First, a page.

On the 3rd I registered for Winter Quarter. Earlier this quarter, I amazed my professor by finding out some information without straight up asking proper people for it.
You see, this year the Disabled Student Services began having notes sent to this special e-mail account. So what happens is the note taker sends an e-mail with the notes attached in some fashion, and I am supposed to do is log on via the web interface and grab the e-mails that have my course number in the subject. Our e-mail is customizable on certain levels. For example, by default the subject line is highlighted in yellow. So what Disabled Student Services did was highlight the from address in black, and of course kept the text black also. So when an e-mail is opened, there is just a black bar there covering the from line. It takes a rocket scientist figure out to just highlight it, and bingo.
On top of that, I use another program to check University of Washington e-mails, and although you can make it do fancy stuff like that, it doesn’t carry over from the web version. So, I logged in, and there was the from address clear as day. Of course, I told my professor in the same order that I just did. This lead to him asking about my knowledge of computers. I told him they are my primary interest, and have a lot of knowledge about them.
The class that I am taking with him is a simulation of the United States Congress within the course about Congress. A fair majority of the simulation takes place online, at this site my professor came up with. At first I thought it was pretty sweet, that he’s a professor of political science, yet he put together this site, which simulates Congress. Well, he isn’t the person who actually put the site together, rather he’s the one that came up with the concept. While talking to him, he thought that it would be cool if I helped improve the site, mainly since I know about accessibility, and he figured that it would be best if the site was as accessible as possible, just incase somebody down the road had to use some assistive technology.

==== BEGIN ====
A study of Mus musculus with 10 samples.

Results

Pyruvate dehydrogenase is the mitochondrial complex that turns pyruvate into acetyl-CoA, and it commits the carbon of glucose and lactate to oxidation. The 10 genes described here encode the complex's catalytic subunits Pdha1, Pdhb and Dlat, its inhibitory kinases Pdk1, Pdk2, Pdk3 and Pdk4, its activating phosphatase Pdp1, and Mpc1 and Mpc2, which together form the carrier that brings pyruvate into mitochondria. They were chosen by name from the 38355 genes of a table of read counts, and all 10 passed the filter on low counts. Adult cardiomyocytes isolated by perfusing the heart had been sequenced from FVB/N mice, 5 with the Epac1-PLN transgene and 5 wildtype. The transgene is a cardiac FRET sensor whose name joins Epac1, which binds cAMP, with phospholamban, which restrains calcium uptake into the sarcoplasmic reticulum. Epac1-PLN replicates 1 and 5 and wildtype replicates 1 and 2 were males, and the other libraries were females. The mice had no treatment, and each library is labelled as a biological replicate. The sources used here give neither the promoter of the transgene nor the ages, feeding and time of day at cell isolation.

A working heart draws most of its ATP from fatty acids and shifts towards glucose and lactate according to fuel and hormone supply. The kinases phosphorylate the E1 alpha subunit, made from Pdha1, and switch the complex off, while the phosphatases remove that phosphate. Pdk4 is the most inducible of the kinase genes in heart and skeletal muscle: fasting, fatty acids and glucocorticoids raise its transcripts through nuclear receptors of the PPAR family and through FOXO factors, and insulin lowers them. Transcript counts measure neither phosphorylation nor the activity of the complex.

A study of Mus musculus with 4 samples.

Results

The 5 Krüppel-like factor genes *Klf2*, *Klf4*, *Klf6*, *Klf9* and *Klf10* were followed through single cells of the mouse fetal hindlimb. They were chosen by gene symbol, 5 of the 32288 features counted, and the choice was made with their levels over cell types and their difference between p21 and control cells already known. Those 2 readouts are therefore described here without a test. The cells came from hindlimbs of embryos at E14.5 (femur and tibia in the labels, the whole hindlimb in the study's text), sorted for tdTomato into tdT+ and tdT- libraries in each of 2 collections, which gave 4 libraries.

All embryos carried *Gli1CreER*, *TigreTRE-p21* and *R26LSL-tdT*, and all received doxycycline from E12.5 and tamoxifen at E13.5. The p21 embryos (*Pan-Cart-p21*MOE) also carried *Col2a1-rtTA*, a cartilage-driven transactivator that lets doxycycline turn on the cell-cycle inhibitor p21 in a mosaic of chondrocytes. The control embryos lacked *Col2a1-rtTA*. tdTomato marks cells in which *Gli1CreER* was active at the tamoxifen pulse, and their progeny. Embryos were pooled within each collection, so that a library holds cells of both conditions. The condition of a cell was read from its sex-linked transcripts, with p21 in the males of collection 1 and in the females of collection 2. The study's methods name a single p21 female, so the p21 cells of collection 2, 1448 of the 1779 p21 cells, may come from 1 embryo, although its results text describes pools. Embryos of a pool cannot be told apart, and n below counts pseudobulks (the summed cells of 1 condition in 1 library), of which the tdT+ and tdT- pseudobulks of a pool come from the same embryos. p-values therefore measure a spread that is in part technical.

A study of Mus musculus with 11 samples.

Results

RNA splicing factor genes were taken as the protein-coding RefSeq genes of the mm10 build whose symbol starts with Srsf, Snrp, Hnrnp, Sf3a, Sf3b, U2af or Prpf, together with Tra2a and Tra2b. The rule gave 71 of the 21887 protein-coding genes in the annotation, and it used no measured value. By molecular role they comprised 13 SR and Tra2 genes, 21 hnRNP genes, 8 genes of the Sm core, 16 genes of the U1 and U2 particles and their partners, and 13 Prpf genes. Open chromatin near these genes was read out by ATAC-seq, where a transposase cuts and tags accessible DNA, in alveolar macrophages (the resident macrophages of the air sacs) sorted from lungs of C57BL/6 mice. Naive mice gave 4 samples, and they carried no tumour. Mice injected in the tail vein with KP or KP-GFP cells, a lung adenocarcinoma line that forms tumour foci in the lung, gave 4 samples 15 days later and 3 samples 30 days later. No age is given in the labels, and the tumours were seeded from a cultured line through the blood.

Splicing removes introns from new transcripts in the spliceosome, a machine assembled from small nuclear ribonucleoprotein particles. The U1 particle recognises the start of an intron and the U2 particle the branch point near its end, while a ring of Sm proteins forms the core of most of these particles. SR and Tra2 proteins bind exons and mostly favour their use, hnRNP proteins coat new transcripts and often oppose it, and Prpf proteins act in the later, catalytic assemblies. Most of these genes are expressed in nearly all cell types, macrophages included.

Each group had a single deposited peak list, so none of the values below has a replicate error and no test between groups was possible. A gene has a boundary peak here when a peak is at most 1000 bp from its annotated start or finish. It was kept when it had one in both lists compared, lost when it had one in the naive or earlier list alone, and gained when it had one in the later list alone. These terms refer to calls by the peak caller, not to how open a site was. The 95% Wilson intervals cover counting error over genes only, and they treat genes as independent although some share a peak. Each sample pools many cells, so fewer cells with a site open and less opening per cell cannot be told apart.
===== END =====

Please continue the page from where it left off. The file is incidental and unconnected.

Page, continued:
So, a few days before I was going to register, I went in and talked to my professor to see if me doing an independent study under him, that would be making improvements to the website. Well, the conversation drifted from working on that project to other projects that he is working on. The project that seemed most beneficial to both of us is one of his other projects.
This project takes bills that were in Congress from 1945 to nearly current, I forget the exact ending date, and puts them in electronic format. See the bills during this period are very hard to come by, some only exsisting in six places in the nation. Somebody may think why are 60 year old bills so important?
While I cannot exactly ramble of bills from the 1940′s or 1950′s off the top of my head, I can name a number from both the 1960′s and 1970′s that still have effect today. One of the obvious is the Civil Rights Act in 1965. But others include the Clean Air Act, and various vechicle safety bills.
At the University of Washington, we are fortunate enough to have a considerable amount of these in one of our libraries on campus, but they are in microfiece (spelling) format. Microfiece is like present day pdf files in the way they are displayed, but are stored on something that looks short of an 8-track. So it is a bit hard to view unless you are on campus. Well a few days before we talked, my professor he had submitted some paperwork on the project, and wished we had talked sooner, because I enlightened him on a few things that would help make his argument for this stronger. I am going to check up on this this upcoming week.Popularity: 14% [?]